The common law rule against perpetuities
forbids instruments (contracts, wills, and so forth) from tying up property for too long a time beyond the lives of people living at the time the instrument was written. For instance, willing property to one's great-great-great-great grandchildren (to be held in trust
for them, but not fully owned, by the intervening generations) would normally violate the rule against perpetuities. The law is applied differently or not at all, and even contravened, in various jurisdictions and circumstances.
Stated more formally, the common law rule against perpetuities forbids some future interests (traditionally contingent
remainders and executory interests) that may not vest within the time permitted; the rule "limits the ability of a decedent to exercise dead hand
control over property, which the state wishes to be alienable. In essence, the rule prevents a person from putting qualifications and criteria in his/her will that will continue to control or affect the distribution of assets long after he or she has died, a concept often referred to as control by the "dead hand" or "mortmain".
The rule is often stated as follows: “No interest is good unless it must vest, if at all, not later than twenty-one years after the death of some life in being at the creation of the interest.” For the purposes of the rule, a life is "in being" at conception. Although most discussions and analysis relating to the rule revolve around wills and trusts, the rule applies to any future dispositions of property, including options. When a part of a grant or will violates the rule, only that portion of the grant or devise is removed. All other parts that do not violate the rule are still valid. The perpetuities period under the common law rule is not a fixed term of years
. By its terms, the rule limits the period to at the latest 21 years after the death of the last identifiable individual living at the time the interest was created ("life in being"). This "measuring" life (often incorrectly called the "validating" life) need not have been a purchaser
or taker in the conveyance or devise. The measuring life could be the grantor, a life tenant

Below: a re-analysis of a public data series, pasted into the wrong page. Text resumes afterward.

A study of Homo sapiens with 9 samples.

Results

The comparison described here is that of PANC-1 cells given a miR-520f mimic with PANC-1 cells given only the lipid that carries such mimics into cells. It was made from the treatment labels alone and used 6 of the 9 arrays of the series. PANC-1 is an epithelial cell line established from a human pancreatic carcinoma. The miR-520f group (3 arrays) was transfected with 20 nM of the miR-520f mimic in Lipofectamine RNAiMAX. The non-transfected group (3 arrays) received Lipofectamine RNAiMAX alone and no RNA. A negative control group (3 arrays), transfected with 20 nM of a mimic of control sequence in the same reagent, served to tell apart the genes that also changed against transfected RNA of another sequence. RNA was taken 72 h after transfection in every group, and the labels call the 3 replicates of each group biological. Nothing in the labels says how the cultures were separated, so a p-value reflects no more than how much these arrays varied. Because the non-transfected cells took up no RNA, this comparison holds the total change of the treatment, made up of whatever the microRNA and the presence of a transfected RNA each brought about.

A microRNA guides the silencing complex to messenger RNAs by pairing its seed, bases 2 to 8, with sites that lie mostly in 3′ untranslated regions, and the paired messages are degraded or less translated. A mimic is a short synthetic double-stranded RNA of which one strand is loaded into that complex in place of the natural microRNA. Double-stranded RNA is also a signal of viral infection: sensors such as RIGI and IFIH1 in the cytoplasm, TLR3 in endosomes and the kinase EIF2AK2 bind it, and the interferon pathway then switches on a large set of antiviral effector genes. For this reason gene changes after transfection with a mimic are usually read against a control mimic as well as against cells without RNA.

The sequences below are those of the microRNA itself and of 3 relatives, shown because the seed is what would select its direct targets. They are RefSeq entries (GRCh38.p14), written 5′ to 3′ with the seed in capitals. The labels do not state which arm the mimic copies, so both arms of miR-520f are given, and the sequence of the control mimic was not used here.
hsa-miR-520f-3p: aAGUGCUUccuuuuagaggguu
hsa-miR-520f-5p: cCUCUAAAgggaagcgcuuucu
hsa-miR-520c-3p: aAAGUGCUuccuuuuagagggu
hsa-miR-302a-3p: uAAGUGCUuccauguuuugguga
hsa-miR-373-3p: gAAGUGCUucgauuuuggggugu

, a tenant for a term of years, or in the case of a contingent remainder
or executory devise
to a class of unascertained individuals, the person capable of producing members of that class. Any one of the "measuring" lives that vindicates the conveyance by resolving all contingencies will be called a "validating" life. This is because this "measuring" life has made the conveyance.
The rule against perpetuities at common law has been amended by various statutes. In England, the Statute of Uses
(1536) and the Statute of Wills
(1540) and the consequent rise of flexible future interests made the rule a significant judicial tool in defeating the intent of landowners to impose limitations on remote future owners in grants and devises. Major alterations
to the common law rule in the United Kingdom came into effect under the Perpetuities and Accumulations Act 1964, including the application of the traditional 21-year limitation
period to options.
The rule is notoriously difficult to properly apply, as pointed out by a 1961 decision of the Supreme Court of California which held that it was not legal malpractice
for an attorney to draft a will that inadvertently violated the rule against perpetuities. Therefore, in the United States it has been abolished by statute in Alaska, Idaho, New Jersey
, Pennsylvania, Kentucky, and South Dakota. The Uniform Statutory Rule Against Perpetuities validates non-vested interests that would otherwise be void as violating the common law rule if that interest actually vests within 90 years of its creation; it has been enacted in 29 states (Alabama, Alaska, Arizona, Arkansas, California, Colorado, Connecticut, Florida, Georgia, Hawaii, Indiana, Kansas, Massachusetts, Minnesota, Montana, Nebraska, Nevada, New Jersey, New Mexico, North Carolina, North Dakota, Oregon, South Carolina, South Dakota, Tennessee, Utah, Virginia, Washington, West Virginia), the District of Columbia, and the U.S. Virgin Islands, and is currently under consideration in New York. Other jurisdictions apply the "wait and see" or "cy-près doctrine" that validates contingent remainders and executory interests that would be void under the traditional rule in certain circumstances. These doctrines have also been codified in the United Kingdom by the 1964 statute.